SAVOY BROWN/SHAKE DOWN, GETTING TO THE P Box set
Early singles for Mike Vernon's Purdah label in 1966 were followed up the following year with Shake Down after signing to Decca Records. Produced by Vernon, this set was in the can in a mere thirty hours over three consecutive days. A collection of soulful, raw blues standards by BB King, John Lee Hooker and Willie Dixon amongst others, it proved a persuasive calling card for the 'live' experience. 1967 saw Savoy Brown tour as backing band for Hooker's UK tour and also open for Cream's first London performance.
Extensive touring was followed by personnel changes after a drugs 'bust' which saw in new bassist Bob Brunning from Fleetwood Mac and singer Chris Youlden. Youlden was a true find, his rich, often mournful vocal harnessed to Simmond's fluid guitar lines levered in home grown material from both men that trademarked the Savoy Brown sound, the line-up soon enriched by the arrival of bassist "Lonesome" Dave Peverett and drummer Roger Earle.
Getting to the Point followed in March 1968, the mix now reversed with just two covers and seven originals by Youlden and Simmonds. Initially something of a downer after "Shake Down", the album picks up half way and begins to rattle along, showcasing an individual style and a growing dynamic within the band.
Winning contemporary media plaudits for the album, this chemistry was to grow to even better purpose with subsequent releases in the last gasps of the decade.
Most helpful customer reviews on Amazon.com
The first album Shake Down was especially immediate-in your face-sounding. The songs consisted mainly of covers written by well-known blues artists like Willie Dixon John Lee Hooker and the like. The instrumental The Doormouse Rides The Rails gives guitarist Martin Stone a chance to shine. The lead singer Brice Portius is adequate-neither great nor bad. The rhythm section is what you would expect from this time. A combination of slow blues and a few shuffles make up this recording. Only on the last song does the group show a tendency to stretch out in a "boogie" like style that they would go on to make popular in America,which is to bad. For those of you interested in British groups in this style I would recommend you pick up this disc. It was never originally released in America and had to be bought as an import.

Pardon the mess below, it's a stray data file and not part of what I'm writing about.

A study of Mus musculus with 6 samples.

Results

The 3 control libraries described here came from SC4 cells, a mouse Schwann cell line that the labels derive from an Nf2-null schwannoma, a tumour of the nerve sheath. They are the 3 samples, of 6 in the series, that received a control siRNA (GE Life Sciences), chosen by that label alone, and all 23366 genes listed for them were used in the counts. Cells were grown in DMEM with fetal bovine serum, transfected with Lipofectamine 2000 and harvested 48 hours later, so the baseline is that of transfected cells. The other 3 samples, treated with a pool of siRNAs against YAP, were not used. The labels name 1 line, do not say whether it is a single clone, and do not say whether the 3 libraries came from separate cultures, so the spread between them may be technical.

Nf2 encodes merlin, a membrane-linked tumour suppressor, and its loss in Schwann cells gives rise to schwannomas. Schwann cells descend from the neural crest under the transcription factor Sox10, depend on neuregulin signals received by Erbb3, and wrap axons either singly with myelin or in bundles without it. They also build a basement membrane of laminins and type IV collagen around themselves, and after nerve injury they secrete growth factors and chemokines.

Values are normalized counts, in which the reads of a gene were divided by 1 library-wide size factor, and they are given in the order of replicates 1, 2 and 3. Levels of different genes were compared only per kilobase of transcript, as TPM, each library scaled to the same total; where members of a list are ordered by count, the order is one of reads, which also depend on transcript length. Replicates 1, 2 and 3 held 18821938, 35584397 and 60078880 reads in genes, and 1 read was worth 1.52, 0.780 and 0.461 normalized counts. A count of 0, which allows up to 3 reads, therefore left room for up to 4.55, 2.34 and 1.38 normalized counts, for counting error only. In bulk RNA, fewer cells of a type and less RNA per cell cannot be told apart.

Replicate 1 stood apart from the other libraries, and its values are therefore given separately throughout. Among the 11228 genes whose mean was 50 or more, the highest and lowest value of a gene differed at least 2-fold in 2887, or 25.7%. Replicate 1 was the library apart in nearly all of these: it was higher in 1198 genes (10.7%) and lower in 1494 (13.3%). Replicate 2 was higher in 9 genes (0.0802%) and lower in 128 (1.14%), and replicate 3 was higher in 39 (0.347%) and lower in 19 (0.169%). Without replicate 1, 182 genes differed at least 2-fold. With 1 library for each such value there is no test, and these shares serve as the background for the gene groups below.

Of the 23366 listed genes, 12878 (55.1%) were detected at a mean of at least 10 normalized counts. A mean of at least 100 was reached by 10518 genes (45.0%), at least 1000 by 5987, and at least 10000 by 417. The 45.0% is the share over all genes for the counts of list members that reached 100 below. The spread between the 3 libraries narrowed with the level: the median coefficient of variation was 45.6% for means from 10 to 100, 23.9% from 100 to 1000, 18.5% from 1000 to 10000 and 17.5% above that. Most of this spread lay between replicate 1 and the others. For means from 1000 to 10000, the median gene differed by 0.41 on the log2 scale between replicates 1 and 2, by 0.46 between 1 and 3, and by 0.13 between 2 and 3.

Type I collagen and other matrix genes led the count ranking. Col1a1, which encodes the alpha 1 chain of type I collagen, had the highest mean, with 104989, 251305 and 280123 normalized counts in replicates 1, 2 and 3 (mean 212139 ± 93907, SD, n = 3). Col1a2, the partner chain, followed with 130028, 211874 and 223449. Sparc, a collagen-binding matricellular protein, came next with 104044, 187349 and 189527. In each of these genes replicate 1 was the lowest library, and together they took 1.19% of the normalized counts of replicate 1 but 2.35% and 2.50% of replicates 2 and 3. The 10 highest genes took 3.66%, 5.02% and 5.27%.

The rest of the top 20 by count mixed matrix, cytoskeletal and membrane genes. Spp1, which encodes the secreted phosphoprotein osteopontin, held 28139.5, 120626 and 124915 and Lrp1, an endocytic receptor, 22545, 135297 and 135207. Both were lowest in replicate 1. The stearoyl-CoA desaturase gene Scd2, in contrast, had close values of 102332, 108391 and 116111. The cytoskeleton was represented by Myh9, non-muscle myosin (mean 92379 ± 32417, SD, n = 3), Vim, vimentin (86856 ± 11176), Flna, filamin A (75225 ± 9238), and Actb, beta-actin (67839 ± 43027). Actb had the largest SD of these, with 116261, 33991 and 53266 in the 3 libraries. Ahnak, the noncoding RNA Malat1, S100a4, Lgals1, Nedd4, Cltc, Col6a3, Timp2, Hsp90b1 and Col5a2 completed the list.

The second album Getting To The Point,was a continuation of the first as far as the British blues sound. With a new singer on board,Chris Youlden,Savoy Brown's sound became a bit more distinctive. Martin Stone had left to join Mighty Baby and the rhythm section had changed too. Most of the songs are now being written by the team of Youlden/Simmonds (the band's new lead guitarist). As before it is a combination of fast and slow blues,with an instrumental to show what Kim Simmonds could do.
This album and the next few would follow the same path. Only later would Savoy Brown descend into "boogie" excess that became popular and thus spell the end of their truly blues playing days. All in all I would say buy these two albums if you're a fan of British blues or sixties music from England in general.
However, the 'Getting to the Point' CD in this combo is missing:
Walking By Myself
Taste And Try, Before You Buy
Not tragic losses, but good to know BEFORE you purchase.